Cocoa is rich in antioxidant flavonoids called flavanols. ... Studies have shown that people with high blood levels of flavonoids have lower risk of heart disease, lung cancer, prostate cancer, asthma and type 2 diabetes ... people who ate a diet rich in cocoa powder and dark chocolate had lower oxidation levels of bad LDL cholesterol, higher blood antioxidant levels and 4 percent higher levels of good HDL cholesterol.
— Prevention Magazine
Gov. Deval Patrick wants to tax sweets, including, presumably, the dark chocolate that is standing between his constituents and heart disease, lung cancer, prostate cancer, asthma and Type 2 diabetes. Why does he hate us?
OK, to borrow one of the governor's favorite phrases: I get it. State revenues for the new fiscal year beginning in July are expected to increase "only" by more than a billion dollars, a 6.9 percent increase over this year's estimated revenues, hiking the state budget by less than two billion dollars. This proposed $32.3 billion budget apparently can't keep the state in the style to which it is accustomed, so what's a state to do?
Our total tax burden, per capita, is only fourth in the nation, so let's go tax the sinners.
I "get" the sales-tax exemption argument. Food is exempted from the state sales tax because it's an essential expenditure on something that's good for us; candy and soda are not essential, and are in fact bad for us; therefore, candy and soda should not be exempted from the state sales tax.
But Nanny, the latest data show dark chocolate, filled with antioxidants, is good for us. Therefore, it should not be taxed. Dark chocolate with fruit and nuts in it, like one of my favorite candy bars, is even better for us. Thinking in government language now, maybe my candy bars should be subsidized!
When I had a cold and/or sore throat, my mother would make healing candy with a family recipe brought here from Germany: mix honey, molasses, vinegar, vanilla, butter and, of course, sugar; boil until it crackles.
Of course, in my western Pennsylvania hometown, founded by Catholic Germans who built the brewery right after the church, Straub's beer (all grain, no sugar, salt or preservatives added) was considered one of the major food groups. It was consumed by nursing mothers to enrich their milk and by senior citizens to keep them "regular." Here in Massachusetts, this whole-grain nutritious beverage, were it imported from Pennsylvania, would already be taxed! But back to candy. Health Magazine tells us that "Eating chocolate stimulates the brain's opioid production. Opioids are chemicals responsible for diminishing pain sensations, enhancing pleasurable ones, and creating a sense of overall well-being. Your body's natural opioids include endorphins, chemicals which increase your pain tolerance."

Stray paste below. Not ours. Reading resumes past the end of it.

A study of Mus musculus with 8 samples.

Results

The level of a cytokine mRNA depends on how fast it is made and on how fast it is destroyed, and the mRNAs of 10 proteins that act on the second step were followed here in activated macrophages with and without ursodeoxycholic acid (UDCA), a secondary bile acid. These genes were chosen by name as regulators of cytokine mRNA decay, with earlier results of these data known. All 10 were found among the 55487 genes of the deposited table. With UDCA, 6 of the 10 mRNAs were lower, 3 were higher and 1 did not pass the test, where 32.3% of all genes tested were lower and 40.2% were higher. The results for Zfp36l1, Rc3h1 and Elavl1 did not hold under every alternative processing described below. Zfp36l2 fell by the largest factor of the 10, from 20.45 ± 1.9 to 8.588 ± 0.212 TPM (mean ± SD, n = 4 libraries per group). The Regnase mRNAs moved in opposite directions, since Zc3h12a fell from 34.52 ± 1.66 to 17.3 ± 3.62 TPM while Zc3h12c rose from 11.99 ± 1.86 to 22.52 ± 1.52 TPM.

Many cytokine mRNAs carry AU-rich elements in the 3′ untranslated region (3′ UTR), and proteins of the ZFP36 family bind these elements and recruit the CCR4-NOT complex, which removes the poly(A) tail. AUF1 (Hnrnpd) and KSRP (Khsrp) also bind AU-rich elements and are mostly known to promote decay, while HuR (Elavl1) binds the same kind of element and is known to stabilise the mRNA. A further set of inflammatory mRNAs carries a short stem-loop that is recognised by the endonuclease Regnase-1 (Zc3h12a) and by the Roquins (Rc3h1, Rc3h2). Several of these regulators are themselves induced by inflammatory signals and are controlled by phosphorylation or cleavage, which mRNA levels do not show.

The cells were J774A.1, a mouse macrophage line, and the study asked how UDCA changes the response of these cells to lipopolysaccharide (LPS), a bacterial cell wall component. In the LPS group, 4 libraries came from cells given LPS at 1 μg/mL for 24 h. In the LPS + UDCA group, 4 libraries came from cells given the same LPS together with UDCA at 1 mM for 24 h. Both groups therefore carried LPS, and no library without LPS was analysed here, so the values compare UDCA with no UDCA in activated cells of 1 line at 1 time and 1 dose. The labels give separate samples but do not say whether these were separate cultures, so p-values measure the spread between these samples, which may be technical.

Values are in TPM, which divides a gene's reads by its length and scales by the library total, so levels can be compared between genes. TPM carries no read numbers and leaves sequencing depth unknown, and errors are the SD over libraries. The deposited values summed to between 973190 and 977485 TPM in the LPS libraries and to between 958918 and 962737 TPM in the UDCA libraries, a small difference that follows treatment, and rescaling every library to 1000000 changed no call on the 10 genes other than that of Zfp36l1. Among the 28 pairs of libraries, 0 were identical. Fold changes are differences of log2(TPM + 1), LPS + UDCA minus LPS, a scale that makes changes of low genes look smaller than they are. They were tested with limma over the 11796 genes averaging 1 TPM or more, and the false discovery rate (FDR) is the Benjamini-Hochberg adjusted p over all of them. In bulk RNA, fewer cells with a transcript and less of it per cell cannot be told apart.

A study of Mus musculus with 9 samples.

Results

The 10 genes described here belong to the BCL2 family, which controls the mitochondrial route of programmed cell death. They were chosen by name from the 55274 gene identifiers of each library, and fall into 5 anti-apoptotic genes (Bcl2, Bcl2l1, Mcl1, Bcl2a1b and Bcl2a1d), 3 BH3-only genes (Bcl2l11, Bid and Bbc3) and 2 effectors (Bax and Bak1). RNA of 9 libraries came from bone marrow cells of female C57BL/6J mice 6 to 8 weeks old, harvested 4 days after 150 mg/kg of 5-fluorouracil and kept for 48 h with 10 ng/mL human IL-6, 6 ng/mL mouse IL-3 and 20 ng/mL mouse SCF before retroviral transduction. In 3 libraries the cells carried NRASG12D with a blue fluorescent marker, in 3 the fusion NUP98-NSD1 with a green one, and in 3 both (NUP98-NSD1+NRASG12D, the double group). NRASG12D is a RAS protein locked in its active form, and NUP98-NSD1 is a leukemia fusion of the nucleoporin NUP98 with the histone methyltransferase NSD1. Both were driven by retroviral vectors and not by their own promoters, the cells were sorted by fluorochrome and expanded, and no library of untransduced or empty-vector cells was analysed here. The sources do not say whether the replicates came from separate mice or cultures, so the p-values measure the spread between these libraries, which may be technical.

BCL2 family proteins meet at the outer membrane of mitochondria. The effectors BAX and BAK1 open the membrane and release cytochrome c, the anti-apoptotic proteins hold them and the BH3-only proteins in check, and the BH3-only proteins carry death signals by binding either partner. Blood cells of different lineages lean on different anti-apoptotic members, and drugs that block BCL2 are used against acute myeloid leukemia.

This applies even to not-dark chocolate. Gov. Patrick wants to tax our opioid production! He doesn't care if we are in pain! Shame, shame, Gov. Patrick.
I can't wait to see the pages of regulations on what is candy and therefore subject to the sales tax, and what is not.
Never mind. The governor plans to balance his tax assault on our physical and mental health with additional taxes on tobacco. Smokers will get another 50-cent increase per pack, and the tobacco excise will be applied to cigars and other smokeless tobacco products.
House Minority Leader Brad Jones asked, "Is this part of the plan to help balance the budget in New Hampshire?" Actually, I'm surprised at how much money Massachusetts still gets from the cigarette tax.
Chip Ford once suggested to Big Tobacco that it announce it would no longer sell cigarettes in Massachusetts; he thought it would be fun to watch state government panic over the immediate loss of those revenues to which it has become addicted. Right now, if everyone stopped smoking, the commonwealth would lose roughly $484 million in excise taxes and $90 million in sales taxes. So I'd suggest that our commonwealth doesn't increase the cost of tobacco use for the purpose of preventing cancer. Despite a natural resistance to paying higher taxes, everyone won't stop smoking anymore than I'll stop eating sweets or, for that matter, drinking Zero Cherry Coke. (Shouldn't diet drinks be exempt at least until we break our sweetened soda addiction? Does the state tax methadone?).
So there I was, last weekend, watching Paul Ryan, R-Wis., the House Ways and Means chairman, being interviewed by Chris Wallace on Fox Sunday about President Obama's State of the Union address, which the congressman memorably accused of calling for "a future of debt, doubt and decline." He attacked the tax hike on "the rich," noting that this category includes the many small businesses that file as individuals.
It was Ryan's 42nd birthday, so at the end of the interview he was presented with a cake that had a dollar sign frosted on it.
This young politician, one of the few with whom I've identified (fiscal conservative, libertarian and Aquarian) said, "I don't eat sweets." Well, goodbye my kindred spirit!
I'll still vote for him for president someday, when he's older. At least he tries to lead by example, not tax policy. Do you eat cake, Gov. Patrick?